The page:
Guerrillas of Destiny have met big-time success in New Japan Pro Wrestling, but sometimes their emotions get the best of them.
If you've watched a New Japan show in the last four years, you've probably seen the duo beating opponents senseless while letting out expletives. Tanga Loa told Fightful why that happens so much in an otherwise quiet environment.
"It’s in the heat of the moment a lot of those times. There’s certain moves you don’t want to take and sometimes you just wanna let loose a little bit. So, you gotta allow some of that anger out a little bit," Tanga said.
What move is it that gets Tanga Loa so riled up?
"There’s a lot of guys that know that I’m not a big fan of chops. I think those are ridiculous. I think chops are… It is what it is. It’s just one of those things, maybe it’s just my mentality or something, but like in a real fight—and I know this is wrestling, it’s pure entertainment—pure in a real fight you’re not gonna “chop somebody” chop somebody. No one’s thinking to chop somebody," said Tanga.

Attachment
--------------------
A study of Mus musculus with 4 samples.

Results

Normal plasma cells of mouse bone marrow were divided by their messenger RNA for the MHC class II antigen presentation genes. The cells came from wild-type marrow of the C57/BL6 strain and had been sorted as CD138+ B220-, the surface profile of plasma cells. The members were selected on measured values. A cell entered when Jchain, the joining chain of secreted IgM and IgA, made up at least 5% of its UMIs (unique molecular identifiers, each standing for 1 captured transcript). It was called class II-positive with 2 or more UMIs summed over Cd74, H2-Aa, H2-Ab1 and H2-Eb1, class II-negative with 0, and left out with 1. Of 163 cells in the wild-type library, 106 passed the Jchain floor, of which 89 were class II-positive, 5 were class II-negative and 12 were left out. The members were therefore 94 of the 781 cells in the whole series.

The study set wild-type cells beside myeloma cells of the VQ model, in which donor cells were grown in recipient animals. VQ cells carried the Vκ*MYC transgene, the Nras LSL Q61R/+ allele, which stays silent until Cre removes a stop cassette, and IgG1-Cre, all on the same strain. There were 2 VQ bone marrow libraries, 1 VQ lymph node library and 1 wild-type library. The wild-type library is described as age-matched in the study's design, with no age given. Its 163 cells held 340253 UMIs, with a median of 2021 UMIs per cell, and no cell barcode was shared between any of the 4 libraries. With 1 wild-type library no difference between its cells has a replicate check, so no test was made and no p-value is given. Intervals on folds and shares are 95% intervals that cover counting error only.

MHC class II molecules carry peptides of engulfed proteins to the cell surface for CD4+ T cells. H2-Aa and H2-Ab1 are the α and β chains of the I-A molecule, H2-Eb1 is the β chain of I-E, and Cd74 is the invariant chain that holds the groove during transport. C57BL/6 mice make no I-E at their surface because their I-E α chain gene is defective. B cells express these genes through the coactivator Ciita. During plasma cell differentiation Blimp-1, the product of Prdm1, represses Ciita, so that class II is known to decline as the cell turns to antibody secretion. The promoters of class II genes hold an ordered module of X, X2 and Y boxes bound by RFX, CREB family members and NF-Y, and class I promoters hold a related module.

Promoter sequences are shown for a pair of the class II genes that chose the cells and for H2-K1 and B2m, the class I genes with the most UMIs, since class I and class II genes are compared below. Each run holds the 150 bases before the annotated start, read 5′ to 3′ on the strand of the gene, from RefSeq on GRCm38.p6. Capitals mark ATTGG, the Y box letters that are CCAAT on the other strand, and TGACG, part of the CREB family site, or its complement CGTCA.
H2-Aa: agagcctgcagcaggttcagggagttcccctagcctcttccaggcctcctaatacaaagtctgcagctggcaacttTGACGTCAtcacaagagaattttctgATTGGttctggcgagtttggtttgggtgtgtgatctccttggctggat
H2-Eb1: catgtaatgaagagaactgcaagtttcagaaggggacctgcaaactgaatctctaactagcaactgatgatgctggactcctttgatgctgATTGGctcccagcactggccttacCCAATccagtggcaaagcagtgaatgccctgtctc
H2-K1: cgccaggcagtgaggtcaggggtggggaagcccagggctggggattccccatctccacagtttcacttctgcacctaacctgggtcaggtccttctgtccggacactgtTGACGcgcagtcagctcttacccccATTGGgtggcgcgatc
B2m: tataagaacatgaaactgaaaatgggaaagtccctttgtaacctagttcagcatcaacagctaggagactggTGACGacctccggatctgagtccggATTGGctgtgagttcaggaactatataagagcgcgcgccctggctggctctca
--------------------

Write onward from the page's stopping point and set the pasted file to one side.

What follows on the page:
Chops were primarily used because closed fist punches were enforced as illegal in professional wrestling. The unpredictable nature of a punch knocking opponents out led to the open hand approach, but is rarely enforced these days.
"Right, and you know, there’s ref’s who, “One. Two.” You know, point it out, and he’ll give you the, “Hey, watch that hand.” That’s cool. But, chops are just…they’re the shits," Tanga said. "There are some fights that happen with a slap across the face. That makes sense. You’ll get a pop out of that. But, that chop, it’s a wonderful sound. It projects in the arena and I understand that part. But, if you’re the one receiving it, it’s the shits, man. Even if you do have padding on."
You heard the man. Think of something else!
You can see our full interview with Tanga Loa at the top of the page, and you can check him out on NJPW Strong, which airs every Friday on New Japan World.